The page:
Dexter Community Schools is the latest educational institution to join the fight against a package of education reform legislation making its way swiftly through the committee process in the Michigan House of Representatives and Senate.
The Dexter Board of Education unanimously approved the Washtenaw Alliance of Education's denouncement of House Bill 6004 and House Bill 5923 at its meeting on Nov. 19.
If passed during Congress' lame duck session, the bills would overhaul the Michigan School Aid Act.
"I think we all agree that the system certainly needs to be improved; however, doing that in lame duck session without the proper input from all stakeholders, including the public, is wrong," board president Larry Cobler said.
The legislation was commissioned by the Oxford Foundation, an educational think tank, and calls for several reforms, chiefly, ending district borders and allowing students to enroll in any institution across the state.
Other reforms include:
- Creation of Online Learning Options with Performance Funding. A student will be allowed to access instruction from across the state using advancing technology. The district providing the online course will immediately receive public funding, based on performance measures.
- Funding will follow the student. Under the current funding model, a school receives 90 percent of its state general education funding based on where a student sits on the first Wednesday in October. This legislation creates a system where the funding will be based on average daily membership.
- Early graduation scholarships. The state would provide an incentive for students to graduate early. Roughly $2,500 will be available for each semester a student graduates early.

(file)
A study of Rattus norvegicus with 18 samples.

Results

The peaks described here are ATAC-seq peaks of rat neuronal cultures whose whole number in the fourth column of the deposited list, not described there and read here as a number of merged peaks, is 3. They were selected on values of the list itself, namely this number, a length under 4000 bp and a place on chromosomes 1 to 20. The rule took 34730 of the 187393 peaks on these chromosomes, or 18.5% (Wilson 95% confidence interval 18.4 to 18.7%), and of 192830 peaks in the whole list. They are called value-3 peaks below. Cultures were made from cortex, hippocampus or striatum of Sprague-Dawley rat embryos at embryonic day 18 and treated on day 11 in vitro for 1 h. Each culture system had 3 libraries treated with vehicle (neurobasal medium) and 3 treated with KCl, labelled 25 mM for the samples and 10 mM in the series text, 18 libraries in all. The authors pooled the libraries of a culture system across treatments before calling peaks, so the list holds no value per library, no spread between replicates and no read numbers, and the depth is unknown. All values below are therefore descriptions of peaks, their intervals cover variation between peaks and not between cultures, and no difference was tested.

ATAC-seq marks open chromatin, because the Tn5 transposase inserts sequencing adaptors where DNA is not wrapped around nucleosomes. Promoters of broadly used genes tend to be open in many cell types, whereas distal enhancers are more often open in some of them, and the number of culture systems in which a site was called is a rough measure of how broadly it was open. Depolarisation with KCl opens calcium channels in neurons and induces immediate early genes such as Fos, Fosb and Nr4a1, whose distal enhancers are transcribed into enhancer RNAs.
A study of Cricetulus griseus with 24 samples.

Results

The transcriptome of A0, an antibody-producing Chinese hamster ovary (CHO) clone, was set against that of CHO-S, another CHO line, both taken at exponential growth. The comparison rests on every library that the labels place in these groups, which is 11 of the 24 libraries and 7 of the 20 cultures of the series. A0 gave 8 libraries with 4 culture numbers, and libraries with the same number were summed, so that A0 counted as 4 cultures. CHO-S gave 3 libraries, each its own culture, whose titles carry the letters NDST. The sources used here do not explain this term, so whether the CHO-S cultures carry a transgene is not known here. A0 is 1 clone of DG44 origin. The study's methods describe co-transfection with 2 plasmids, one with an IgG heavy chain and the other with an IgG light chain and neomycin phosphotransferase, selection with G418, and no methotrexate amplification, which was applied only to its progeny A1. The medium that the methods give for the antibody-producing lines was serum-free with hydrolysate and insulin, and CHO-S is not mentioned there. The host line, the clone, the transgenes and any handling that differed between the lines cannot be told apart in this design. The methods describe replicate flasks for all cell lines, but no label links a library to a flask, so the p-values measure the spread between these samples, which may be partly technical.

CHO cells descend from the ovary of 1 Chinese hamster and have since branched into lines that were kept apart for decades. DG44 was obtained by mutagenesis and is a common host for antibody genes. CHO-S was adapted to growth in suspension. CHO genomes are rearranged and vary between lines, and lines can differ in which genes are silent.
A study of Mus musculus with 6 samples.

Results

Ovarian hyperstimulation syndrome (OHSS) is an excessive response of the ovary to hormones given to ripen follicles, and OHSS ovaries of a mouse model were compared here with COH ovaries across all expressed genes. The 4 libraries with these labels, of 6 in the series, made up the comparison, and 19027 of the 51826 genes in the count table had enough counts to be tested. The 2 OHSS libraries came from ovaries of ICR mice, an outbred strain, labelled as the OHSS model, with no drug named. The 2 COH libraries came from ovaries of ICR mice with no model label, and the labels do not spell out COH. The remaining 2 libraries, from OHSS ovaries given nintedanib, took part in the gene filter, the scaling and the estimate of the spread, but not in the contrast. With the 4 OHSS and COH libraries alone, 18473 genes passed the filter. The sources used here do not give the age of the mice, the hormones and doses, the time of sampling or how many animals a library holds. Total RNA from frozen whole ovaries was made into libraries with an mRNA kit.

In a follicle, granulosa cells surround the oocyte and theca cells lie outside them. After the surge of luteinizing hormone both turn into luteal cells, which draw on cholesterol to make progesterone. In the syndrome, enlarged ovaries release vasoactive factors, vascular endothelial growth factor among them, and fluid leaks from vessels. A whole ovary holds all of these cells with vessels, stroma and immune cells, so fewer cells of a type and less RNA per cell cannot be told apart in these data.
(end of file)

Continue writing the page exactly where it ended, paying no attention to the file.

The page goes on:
The legislation would also establish an Education Achievement Authority board to oversee the implementation of the new proposals.
John Austin, president of the state Board of Education, said the proposed legislation leaves too many questions unanswered.
"This legislation creates an unlimited and largely unregulated marketplace of new online schools, for-profit-run schools, schools run by businesses, universities, community organizations, and municipal governments. It would allow new authorizers to create schools in any location, for any reason, with little oversight," Austin wrote in an editorial. "Nowhere in the proposed legislation is there a rationale for how this proliferation of new schools will improve overall education quality and outcomes for students in Michigan."
Rep. Lisa Brown, D-West Bloomfield, said the proposed changes would also allow school buildings, such as Pierce Lake Elementary School in Chelsea, currently unused but still maintained by local taxpayers, to be sold off or leased to for-profit schools against the will of the local communities.
"Gov. Snyder's plan is nothing more than a thinly veiled power grab that would put taxpayer money and local control of our schools in the hands of the governor's appointees," Brown said.
"His plan to create an expansive Education Achievement Authority is an experiment on a grand scale that threatens to gut our public school system while offering no guarantee for a good outcome. The governor talks a good game about using metrics and measuring results, but when push comes to shove, he is eager to use our kids as guinea pigs," Brown continued.
Cobler said he encourages local residents to contact Rep. Mark Ouimet's office at 1-855-627-5052 or at firstname.lastname@example.org, and Sen. Randy Richardville's office at 517-373-3543.
Calls to state Rep. Mark Ouimet's office were not returned at the time of this posting.